TDs backed a Fianna Fáil and Labour amendment to set the age at 16
The Government has been defeated over its proposal for the digital age of consent to remain at 13.
TDs instead voted in favour of a Fianna Fáil and Labour amendment to set the age at 16, which was passed by 56 votes to 51.
The digital age of consent refers to the age at which a child can consent to use online services.
Children's right groups had previously called plans to raise the age of consent "very concerning".
A number of commentators criticised the Dáil vote, claiming TDs had ignored the stance of many experts and young people.
John Buckley, a Child Safety Investigator at Facebook, suggested a change to 16 would see a 'huge increase' in young people lying about their age to access digital services.
16 as digital age of consent. Expect a huge increase in age liars (where child can’t get parental consent or doesn’t want to ask for it), reducing platforms abilities to be able to provide age appropriate products + protections (e.g. preventing adults from connecting with minors)— John Buckley (@JohnDaveBuckley) May 16, 2018
Fianna Fáil TD and education spokesperson Thomas Byrne defended the decision:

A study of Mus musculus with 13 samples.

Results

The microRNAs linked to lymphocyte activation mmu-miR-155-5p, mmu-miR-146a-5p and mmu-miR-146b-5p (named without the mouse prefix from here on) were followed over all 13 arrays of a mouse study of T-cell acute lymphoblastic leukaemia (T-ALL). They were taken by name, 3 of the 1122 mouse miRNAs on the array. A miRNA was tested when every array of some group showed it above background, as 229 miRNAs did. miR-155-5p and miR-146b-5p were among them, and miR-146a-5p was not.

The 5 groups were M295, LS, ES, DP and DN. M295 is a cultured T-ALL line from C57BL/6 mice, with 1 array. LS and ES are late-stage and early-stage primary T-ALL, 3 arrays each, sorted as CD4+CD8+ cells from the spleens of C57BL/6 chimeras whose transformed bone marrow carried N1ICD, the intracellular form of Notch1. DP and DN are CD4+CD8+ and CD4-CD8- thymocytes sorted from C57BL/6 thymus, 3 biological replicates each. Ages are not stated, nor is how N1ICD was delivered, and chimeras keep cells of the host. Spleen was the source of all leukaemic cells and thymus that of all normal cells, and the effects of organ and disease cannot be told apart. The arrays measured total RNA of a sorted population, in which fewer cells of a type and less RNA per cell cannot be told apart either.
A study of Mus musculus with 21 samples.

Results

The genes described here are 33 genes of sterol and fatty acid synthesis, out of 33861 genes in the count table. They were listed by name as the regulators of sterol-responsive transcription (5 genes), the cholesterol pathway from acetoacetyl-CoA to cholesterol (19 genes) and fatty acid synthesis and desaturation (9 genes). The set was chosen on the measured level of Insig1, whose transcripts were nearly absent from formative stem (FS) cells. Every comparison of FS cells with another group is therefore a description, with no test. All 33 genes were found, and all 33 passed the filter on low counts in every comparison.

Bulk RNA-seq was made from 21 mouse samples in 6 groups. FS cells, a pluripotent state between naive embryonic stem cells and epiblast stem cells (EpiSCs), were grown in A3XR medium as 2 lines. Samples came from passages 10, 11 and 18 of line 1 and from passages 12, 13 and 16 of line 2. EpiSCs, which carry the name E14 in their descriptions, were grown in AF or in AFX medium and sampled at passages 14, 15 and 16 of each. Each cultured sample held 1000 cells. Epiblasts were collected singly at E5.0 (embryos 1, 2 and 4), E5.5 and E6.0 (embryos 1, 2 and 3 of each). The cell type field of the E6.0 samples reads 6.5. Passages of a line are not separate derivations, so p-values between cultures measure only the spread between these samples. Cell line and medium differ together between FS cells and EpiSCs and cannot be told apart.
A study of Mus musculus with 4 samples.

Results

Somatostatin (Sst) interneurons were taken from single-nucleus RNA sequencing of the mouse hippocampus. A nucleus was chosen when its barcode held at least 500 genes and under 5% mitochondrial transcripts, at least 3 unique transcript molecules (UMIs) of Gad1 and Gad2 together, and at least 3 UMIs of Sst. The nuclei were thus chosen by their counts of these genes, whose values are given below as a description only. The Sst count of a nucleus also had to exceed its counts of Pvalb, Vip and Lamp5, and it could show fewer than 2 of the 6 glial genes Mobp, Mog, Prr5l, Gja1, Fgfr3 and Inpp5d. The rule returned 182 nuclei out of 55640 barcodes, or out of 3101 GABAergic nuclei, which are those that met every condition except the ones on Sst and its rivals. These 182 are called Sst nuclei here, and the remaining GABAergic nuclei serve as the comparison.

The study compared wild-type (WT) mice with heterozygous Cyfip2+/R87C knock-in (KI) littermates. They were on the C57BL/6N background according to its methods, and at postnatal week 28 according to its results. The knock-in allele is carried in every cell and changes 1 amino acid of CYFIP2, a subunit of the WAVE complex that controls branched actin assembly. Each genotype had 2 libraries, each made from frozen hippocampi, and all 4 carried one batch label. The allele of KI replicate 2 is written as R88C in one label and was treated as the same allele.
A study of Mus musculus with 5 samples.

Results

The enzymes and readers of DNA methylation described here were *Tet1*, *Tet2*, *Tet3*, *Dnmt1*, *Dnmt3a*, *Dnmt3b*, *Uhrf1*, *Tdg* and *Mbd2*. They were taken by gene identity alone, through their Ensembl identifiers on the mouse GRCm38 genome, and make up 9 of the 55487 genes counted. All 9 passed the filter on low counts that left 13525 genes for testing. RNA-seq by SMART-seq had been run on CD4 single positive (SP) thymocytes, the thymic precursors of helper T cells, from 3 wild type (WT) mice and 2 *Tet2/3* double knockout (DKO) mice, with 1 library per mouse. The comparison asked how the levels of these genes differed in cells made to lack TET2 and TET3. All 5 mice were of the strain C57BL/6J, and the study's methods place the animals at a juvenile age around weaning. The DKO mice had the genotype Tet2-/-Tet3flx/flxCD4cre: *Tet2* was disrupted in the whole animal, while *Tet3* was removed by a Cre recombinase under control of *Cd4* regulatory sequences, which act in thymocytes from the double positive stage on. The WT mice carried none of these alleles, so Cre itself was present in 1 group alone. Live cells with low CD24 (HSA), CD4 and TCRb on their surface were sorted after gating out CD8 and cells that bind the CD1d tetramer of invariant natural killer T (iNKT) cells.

None of the submissions for 13 seemed to me to grasp that the digital age of consent relates to a contract to process the personal data of the teen - rather it is seen as an issue of participatory rights. That in our view is not a correct interpretation of what is at stake— Thomas Byrne (@ThomasByrneTD) May 16, 2018
Speaking earlier this week, Mary Cunningham - director of the National Youth Council of Ireland - argued: "Education and a focus on developing critical thinking will be far more useful tools for young people, and the adults in their lives, than an increased digital age of consent which risks providing a false sense of security.
“There is so much more that can and should be done to help protect young people online. We need to focus our energies here rather than letting ourselves get distracted by the current debates around age limits."
While the EU's General Data Protection Regulation (GDPR) - which comes into effect this month - sets a digital age of consent at 16 years, member states have the option of setting their own age limit at no lower than 13 years.